Date: Jul 30, 2003
Word Count: 750 words
Cross-Reference: Federal Marriage Amendment, Lawrence v. Texas, protect marriage, Conservative Christians

Responding to Lawrence v. Texas, some Conservatives are forgetting the Constitution, the Bible, and the Conservative position of limited government.

After the Supreme Court's decision in Lawrence v. Texas, overturning a Texas anti-sodomy law and establishing a consenting-adult "right to privacy," many conservatives immediately decried it, calling for "protecting" marriage.

Many asserted the "states rights" part of the Tenth Amendment, saying a "right to privacy" was not in the Constitution.   Sodomy was linked to incest, bestiality, and polygamy. And a "Federal Marriage Amendment" was promoted.


Any conservative Christian truly empathizes.   The case's specific aspect involved a specific homosexual behavior, "sodomy" ---a term which comes directly from the Bible's Genesis 19 account of God's judgment upon the inhabitants of Sodom for homosexual practices.

For conservative Christians, the Bible speaks explicitly against such behavior. The passage of Leviticus 18:22 in the Old Testament and Romans 1:26-27,32 in the New Testament are understood as overtly clear prohibitions.

But some conservatives "couldn't see the forest for the tree."   They got so focused against the sodomy aspect of the case that they missed seeing the larger set of issues and solutions.

Insodoing, such particular conservative Christians unwittingly forgot the Constitution, the Bible, and even the true conservative position of limited government.


The Tenth Amendment does address "states rights." More importantly, though, its final clause defers to individuals.

Opposite the Tenth Amendment's constraining government to only explicitly enumerated authority, the Ninth Amendment conversely declares that rights of individuals do not have to be explicitly enumerated. That is how a "right to privacy" for individuals may be constitutional.

Ironically, in the same way that the "right to privacy" phrase is truly not enumerated in the Constitution, neither is the word, "marriage."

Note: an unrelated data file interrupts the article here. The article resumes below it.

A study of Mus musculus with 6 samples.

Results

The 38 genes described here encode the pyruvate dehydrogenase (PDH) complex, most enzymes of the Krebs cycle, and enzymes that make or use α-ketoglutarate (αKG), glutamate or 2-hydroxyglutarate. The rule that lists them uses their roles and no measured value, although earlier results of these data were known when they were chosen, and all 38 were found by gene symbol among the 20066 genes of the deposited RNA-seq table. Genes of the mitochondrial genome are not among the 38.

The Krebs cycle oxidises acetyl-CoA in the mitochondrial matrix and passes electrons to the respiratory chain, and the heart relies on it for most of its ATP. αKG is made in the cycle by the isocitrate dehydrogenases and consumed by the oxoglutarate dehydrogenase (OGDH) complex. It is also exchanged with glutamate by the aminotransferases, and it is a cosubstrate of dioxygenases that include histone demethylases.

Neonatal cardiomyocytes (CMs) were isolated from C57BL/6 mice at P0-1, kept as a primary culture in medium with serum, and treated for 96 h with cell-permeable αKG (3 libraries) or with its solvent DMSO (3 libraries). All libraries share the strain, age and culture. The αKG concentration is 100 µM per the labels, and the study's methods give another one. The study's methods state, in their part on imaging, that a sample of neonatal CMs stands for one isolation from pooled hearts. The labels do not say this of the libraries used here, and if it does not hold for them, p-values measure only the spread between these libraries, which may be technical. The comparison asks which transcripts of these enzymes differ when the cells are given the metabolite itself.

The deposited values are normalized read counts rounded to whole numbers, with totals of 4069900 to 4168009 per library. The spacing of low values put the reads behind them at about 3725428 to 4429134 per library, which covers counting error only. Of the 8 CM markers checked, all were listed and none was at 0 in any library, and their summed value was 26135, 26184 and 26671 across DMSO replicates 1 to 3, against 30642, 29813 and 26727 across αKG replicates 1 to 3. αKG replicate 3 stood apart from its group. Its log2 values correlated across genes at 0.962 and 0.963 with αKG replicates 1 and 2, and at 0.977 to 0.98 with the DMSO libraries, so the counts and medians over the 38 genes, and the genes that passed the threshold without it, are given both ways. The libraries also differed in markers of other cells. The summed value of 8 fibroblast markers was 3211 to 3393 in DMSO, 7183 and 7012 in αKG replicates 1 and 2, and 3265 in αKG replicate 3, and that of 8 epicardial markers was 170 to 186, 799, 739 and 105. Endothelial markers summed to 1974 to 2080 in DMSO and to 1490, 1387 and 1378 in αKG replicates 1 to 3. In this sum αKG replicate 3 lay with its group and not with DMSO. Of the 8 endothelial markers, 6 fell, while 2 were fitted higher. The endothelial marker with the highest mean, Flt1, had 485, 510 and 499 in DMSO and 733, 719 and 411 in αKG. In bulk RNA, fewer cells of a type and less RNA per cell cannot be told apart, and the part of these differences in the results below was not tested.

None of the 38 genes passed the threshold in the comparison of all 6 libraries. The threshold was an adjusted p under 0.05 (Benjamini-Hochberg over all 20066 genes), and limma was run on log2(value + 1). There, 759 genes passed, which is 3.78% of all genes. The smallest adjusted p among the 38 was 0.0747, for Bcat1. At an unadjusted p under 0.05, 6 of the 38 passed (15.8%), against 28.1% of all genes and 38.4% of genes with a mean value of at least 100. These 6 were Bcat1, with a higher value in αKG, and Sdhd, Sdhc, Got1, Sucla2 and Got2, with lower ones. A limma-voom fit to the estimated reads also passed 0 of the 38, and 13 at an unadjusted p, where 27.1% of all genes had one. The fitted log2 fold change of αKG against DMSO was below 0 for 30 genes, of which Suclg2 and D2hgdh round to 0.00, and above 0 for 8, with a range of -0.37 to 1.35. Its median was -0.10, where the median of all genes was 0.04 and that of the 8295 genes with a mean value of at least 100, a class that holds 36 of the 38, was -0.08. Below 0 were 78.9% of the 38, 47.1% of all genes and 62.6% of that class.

The same Tenth Amendment, which some mis-perceived as applicable against the "right to privacy" for individuals, specifically does indeed apply to "marriage" involvement by the government.

The Ninth Amendment can allow the "right to privacy" of individuals without it having to be constitutionally enumerated.   At the same time, because federal government "marriage" authority is not enumerated anywhere in the Constitution, the Tenth Amendment prohibits it from being involved in "marriage" whatsoever.

That makes any federal "marriage" legislation unconstitutional.


As for the Bible on marriage, not one man in the Bible was ever married by government authority. Not even one.

Defining marriage exclusively by government falsely accuses all the married men of the Bible as allegedly unmarried fornicators.

Likewise, mistakenly linking polygamy to the Biblically-defined sinful homosexual, incest, and bestiality behaviors defames several of the Bible's greatest faithful heroes.   Namely, it insults such polygamists as Abraham, Israel, David, and Moses.   Even the sinless Jesus Christ described Himself in a polygamist context in a Matthew 25 parable. Christians making such a mistaken link profoundly undermine the very Bible itself.

To have marriage defined exclusively by government authority unwittingly commits the sin of idolatry.   The verse, Revelation 21:8, opposes idolatry as being hellfire-bound as much as Romans 1:26-27,32 likewise opposes homosexual practices.   Relying exclusively on the false god of socialist government, to "protect" what the one true God alone defined, is indeed a form of idolatry.

For conservative Christians reading the Bible, the Scriptures indicate that idolatry (as in, exclusively relying on the false god of socialist government) is just as much a Bible-defined sin as that of homosexual behavior.   (That same hellfire verse also says "all liars" are going to hell.   Yet, few would seriously propose a Constitutional Amendment to "protect" society from liars!)

Conservative Christians do believe that God, alone, defined marriage doctrine.   So, no false god is "needed" to "protect" or define doctrine.

That makes any idolatrous notion of "marriage" legislation un-biblical.


The proposed "Federal Marriage Amendment," however, expands the false god of socialist government, advocating state authority above individuals rights.

Valuing marriage is, of course, conservative. But, amending the Constitution by expanding bigger government, rather than constraining it, is not conservative.

That makes any "marriage" Amendment or legislation un-conservative.


Other constitutionalist conservative Christians, however, do see beyond the sodomy aspect.   Their solution sees the larger issues.

Employ the Tenth Amendment: eliminate government's marriage involvement.

For those trusting that God is God, there's no real threat to Godly marriage.   While sinners may imagine their own "marriage" definitions, gospel-preaching Christians are additionally guided by Psalm 1:1 to also not stand in the way of (consenting-adult) sinners.

By eliminating the false god of socialist government's marital involvement, no one would "have to" recognize any ungodly imagined "marriage" definitions.

Employing the Tenth Amendment is truly constitutional.   Trusting in God is truly biblical.   And limiting government is truly conservative.

But how many fellow conservatives will see the forest too?